The X Architecture is a new approach to chip design whereby diagonal interconnects are employed to reduce chip costs, increase performance and lower power consumption. Targeted at chips with five or more metal layers, the X Architecture rotates the primary direction of the interconnect in the fourth and fifth metal layers by 45 degrees in relation to conventional orthogonal, or “Manhattan”, architecture. Layers one through three remain unchanged, preserving the design community’s investment in existing cell libraries, memory cells, memory compilers, datapath compilers, and IP hard cores. In addition, the X Architecture allows 45 degrees “wrong-way jogs”, which provides an additional four degrees of freedom in each layer of routing.

The X Architecture’s pervasive use of diagonal routing reduces wirelength by up to 20% and the via count by up to 30%, resulting in significant improvements in chip area, speed, power, and cost. In addition, the X Architecture’s wirelength reduction makes the routing problem 20% easier to solve, resulting in faster timing closure, improved reliability, and a reduction in signal-integrity problems, Cadence claims.

According to the statement sent to press, the ATI’s X-architecture chip is a “high-performance, high-volume PCI-Express graphics processor designed for desktop and notebook computers”. The ATI device was implemented using the Cadence X Architecture design solution and manufactured using TSMC’s 0.11-micron process. This implementation eliminated one metal layer from the original Manhattan design, reducing die costs. ATI did not reveal which graphics processor was made, but said the new device was expected to enter volume production late in the year.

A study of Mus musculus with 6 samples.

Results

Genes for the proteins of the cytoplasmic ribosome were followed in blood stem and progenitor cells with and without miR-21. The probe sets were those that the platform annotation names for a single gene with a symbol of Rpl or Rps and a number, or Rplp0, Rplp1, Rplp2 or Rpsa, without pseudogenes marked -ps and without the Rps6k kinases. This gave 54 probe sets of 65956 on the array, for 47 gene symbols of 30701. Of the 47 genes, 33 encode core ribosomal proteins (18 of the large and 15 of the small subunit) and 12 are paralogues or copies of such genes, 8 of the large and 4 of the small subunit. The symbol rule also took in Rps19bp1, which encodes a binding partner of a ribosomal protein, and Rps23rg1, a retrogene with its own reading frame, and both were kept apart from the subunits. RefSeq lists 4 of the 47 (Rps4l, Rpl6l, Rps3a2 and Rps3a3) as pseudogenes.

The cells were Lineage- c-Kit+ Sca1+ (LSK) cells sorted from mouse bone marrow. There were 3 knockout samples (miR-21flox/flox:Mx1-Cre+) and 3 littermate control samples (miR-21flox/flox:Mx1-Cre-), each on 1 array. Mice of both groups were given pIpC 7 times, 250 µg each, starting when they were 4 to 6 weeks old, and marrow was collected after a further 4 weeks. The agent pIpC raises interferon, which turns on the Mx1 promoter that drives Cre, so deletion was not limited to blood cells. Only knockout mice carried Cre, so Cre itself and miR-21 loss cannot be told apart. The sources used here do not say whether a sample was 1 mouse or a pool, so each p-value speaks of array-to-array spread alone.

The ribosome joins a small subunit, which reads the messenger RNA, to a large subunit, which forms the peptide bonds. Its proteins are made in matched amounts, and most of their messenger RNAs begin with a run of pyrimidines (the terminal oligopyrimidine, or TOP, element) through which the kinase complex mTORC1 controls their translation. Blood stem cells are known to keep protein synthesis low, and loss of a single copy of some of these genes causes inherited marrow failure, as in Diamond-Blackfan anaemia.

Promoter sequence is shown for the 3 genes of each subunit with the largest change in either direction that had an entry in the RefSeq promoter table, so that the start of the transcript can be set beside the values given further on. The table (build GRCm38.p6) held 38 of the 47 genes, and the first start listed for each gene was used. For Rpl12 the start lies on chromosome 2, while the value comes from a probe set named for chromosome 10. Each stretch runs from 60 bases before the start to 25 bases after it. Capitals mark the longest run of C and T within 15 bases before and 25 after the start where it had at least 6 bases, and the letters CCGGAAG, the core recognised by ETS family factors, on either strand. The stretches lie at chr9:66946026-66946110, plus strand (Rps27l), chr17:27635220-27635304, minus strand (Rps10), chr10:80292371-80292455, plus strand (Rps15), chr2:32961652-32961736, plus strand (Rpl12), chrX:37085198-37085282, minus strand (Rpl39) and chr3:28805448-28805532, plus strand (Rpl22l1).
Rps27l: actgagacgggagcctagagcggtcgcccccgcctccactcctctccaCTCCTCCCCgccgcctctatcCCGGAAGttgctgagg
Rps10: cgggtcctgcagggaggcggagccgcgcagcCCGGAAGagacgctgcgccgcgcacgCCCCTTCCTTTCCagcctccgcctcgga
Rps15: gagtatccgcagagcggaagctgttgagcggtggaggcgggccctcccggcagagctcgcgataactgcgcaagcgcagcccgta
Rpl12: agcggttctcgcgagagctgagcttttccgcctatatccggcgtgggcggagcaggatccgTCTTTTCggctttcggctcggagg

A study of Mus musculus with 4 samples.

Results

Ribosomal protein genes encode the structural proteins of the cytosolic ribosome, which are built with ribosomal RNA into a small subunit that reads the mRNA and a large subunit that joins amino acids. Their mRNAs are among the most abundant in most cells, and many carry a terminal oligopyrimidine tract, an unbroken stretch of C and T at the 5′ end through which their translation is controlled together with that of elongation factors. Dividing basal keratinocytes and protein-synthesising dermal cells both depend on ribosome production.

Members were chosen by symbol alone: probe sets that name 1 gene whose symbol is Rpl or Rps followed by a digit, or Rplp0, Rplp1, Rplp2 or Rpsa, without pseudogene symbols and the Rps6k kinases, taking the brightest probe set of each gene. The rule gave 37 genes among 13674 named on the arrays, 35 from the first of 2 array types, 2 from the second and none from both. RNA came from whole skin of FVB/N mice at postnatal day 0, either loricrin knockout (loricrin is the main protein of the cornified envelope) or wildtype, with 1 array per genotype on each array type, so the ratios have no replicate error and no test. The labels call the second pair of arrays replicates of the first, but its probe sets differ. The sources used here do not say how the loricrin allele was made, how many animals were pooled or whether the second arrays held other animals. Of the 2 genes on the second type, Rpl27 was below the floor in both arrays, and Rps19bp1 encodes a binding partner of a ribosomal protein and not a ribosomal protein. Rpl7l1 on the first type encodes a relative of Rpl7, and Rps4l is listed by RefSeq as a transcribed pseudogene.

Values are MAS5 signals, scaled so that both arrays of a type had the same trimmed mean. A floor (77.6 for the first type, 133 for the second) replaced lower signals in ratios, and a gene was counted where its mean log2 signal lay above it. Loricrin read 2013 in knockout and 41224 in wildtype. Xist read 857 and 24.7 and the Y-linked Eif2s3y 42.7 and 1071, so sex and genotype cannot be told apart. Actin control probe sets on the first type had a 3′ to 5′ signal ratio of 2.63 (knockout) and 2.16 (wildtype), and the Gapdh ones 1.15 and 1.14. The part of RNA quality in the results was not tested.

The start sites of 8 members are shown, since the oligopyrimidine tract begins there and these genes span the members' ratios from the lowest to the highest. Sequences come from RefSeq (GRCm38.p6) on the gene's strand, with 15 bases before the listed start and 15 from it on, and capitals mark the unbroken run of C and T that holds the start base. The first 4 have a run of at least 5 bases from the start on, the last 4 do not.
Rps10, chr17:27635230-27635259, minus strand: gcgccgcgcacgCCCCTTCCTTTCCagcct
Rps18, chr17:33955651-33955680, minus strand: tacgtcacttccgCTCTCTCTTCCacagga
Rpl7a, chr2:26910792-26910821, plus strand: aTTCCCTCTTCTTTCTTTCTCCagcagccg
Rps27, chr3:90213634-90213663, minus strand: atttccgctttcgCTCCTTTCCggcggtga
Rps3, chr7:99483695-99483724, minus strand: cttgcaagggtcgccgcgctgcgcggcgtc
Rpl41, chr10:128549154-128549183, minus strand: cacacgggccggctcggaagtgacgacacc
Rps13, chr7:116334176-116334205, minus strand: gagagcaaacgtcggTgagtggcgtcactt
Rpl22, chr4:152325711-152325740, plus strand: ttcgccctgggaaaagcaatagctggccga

To bring the X Architecture into manufacturing reality, TSMC created extensive test structures to formulate competitive X Architecture design rules and developed a unique OPC model and mask making techniques. TSMC also created enhanced technology files to handle diagonal design rules and parasitic extraction.

Cadence X Architecture design solutions for TSMC’s 0.13 micron and 0.11 micron process nodes are now available to select customers under Cadence’s value-based business model. X Architecture solutions for TSMC’s 90nm and 65nm process technologies are currently under development.

“As the industry leader in advanced graphics and digital media processors, ATI has long been a pioneer in adopting new chip design technologies. Using the Cadence X Architecture design solution, we have been able to increase the performance envelope while reducing costs, providing new opportunities and possibilities within our PC and consumer businesses,” said Greg Buchner, vice president of Engineering at ATI.